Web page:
Spring 2003, p.2

Provocateur: Big Myth Busted: Gas Tax Doesn't Cover Road Costs

Excerpted from the Regional Plan Association's May 2, 2003 "Spotlight on
the Region" by Alex Marshall, Senior Fellow

Year after year, revenues from state and federal taxes on gasoline sales pump approximately $45 billion into constructing and maintaining the nation's road network. Advocates of trains, light rail, bicycle paths, ferries, buses and other means of transport look with envy and longing for some similar, stable source of funding.
But Martin Wachs, in a new report released this month by the Brookings Institution (see www.brook.edu/es/urban/publications/wachstransportation.htm), shows that the gas tax has been paying for less and less of the total cost of the national road system. Although Wach's report is at times overly narrow, it is valuable because he shows what many people do not know: that the gas tax pays for only about a third of the cost of the road system. This has major implications for mass transit funding, which is so often criticized for "not paying for itself."

The study's central chart shows how the nation spent $133 billion on roads and highways in 2001. This includes Federal, state and local roads, from big expressways to meandering local roads. On average, the gas tax paid for only 35% of this figure. This means that non-automobile-related taxes pay for about 40% of the total cost of the road network. In addition, Wachs shows that, although huge in absolute dollars, the pool of money raised by the gas tax has declined on a percentage basis over time. Indeed, "on average, fuel taxes in the 50 states would have to rise about 11 cents per gallon just to recoup their 1957 buying power."

One of the problems with Wachs' analysis is that he sees the gas tax as a user fee. In reality, a gas tax is not a user fee. Only a toll is a true user fee because it is point (or pavement) specific. If you use a particular highway, you pay a particular toll.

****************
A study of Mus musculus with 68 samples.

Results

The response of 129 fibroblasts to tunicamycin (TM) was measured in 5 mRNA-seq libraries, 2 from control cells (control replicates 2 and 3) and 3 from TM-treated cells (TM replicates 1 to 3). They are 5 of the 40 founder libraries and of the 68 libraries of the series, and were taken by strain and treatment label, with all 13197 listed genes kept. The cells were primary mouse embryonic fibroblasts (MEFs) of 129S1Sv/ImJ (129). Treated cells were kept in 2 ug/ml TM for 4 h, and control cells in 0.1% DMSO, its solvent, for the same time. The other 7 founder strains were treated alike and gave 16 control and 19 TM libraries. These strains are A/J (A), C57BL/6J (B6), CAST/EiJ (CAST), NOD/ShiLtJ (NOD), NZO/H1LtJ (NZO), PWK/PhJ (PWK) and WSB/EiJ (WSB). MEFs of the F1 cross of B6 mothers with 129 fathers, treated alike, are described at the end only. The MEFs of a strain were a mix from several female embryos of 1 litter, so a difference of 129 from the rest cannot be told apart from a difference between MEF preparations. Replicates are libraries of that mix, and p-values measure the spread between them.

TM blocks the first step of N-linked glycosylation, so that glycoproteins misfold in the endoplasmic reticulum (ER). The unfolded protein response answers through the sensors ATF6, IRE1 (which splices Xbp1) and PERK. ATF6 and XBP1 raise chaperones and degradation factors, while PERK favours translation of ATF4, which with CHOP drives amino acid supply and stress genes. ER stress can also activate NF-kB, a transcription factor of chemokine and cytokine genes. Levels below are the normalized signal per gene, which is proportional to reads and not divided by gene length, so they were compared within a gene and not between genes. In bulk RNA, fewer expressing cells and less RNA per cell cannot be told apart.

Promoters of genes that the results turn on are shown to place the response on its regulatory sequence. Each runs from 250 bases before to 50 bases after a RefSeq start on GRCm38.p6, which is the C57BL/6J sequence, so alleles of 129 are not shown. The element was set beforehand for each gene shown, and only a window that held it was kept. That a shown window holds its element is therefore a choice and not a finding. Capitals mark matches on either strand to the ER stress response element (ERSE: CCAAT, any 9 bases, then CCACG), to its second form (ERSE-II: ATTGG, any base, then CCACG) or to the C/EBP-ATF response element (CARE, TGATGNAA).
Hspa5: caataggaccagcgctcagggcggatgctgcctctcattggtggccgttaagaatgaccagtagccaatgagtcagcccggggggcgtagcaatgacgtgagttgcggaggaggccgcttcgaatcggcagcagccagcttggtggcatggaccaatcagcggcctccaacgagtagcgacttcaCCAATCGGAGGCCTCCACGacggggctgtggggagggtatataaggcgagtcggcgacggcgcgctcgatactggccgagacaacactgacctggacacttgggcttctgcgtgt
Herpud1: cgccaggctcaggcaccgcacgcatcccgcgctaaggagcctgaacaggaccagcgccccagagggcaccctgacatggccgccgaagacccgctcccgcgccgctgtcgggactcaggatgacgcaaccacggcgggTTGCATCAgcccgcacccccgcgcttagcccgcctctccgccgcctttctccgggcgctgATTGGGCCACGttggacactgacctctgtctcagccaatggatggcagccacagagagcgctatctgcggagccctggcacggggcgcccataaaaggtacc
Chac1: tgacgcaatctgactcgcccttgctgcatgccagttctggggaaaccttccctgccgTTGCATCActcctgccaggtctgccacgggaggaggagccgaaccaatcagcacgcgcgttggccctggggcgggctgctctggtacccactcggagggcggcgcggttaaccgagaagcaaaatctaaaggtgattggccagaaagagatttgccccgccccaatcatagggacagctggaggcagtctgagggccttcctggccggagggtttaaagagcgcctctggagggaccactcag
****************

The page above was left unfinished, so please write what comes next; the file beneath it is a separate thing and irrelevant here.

The very general nature of the gas tax encourages more driving and more road building, while user fees are generally designed to encourage moderation. On the supply side, revenue from the gas tax allows states to build highways that are not always needed, or worse yet, add to the overall congestion problem by encouraging further sprawling development.

Highway planners do not have to prove that a highway would pay for itself through its tolls. Studies have shown that, if a highway had to pay for itself through tolls, almost none would be built. This fact opens the opportunity for a more productive debate on transportation as a whole.

We need a more general discussion of the purpose of transportation. In the United States, much discussion is sidetracked by treating transportation as a profit-driven private business. What if government investment in transportation, which seems to be always crucial, was "a service," more akin to education, than a private business that had to make a profit? If this concept were more generally accepted, transportation debates would revolve around providing the best mix of services for both convenience and economic development. There would be less talk of which type of transportation "pays for itself." In fact, none of them do.

Gas prices are probably the most powerful determinant of the urban environment. A chart by Douglas Kelbaugh, dean of the architectural school at the University of Michigan, showed that there is a direct correspondence between the density of cities worldwide and the price of gasoline in them-high gas prices equal greater density.
The essential point is a political one. Governors, senators and representatives from the Region should use Wachs' report to launch honest debate about the future of transportation funding. The numbers show that viewed on equal terms with highways, mass transit deserves far greater federal investment. Mass transit should no longer have to wear the shameful label of "subsidy" when every other type of transportation, and particularly the highway system, more justly deserve the moniker.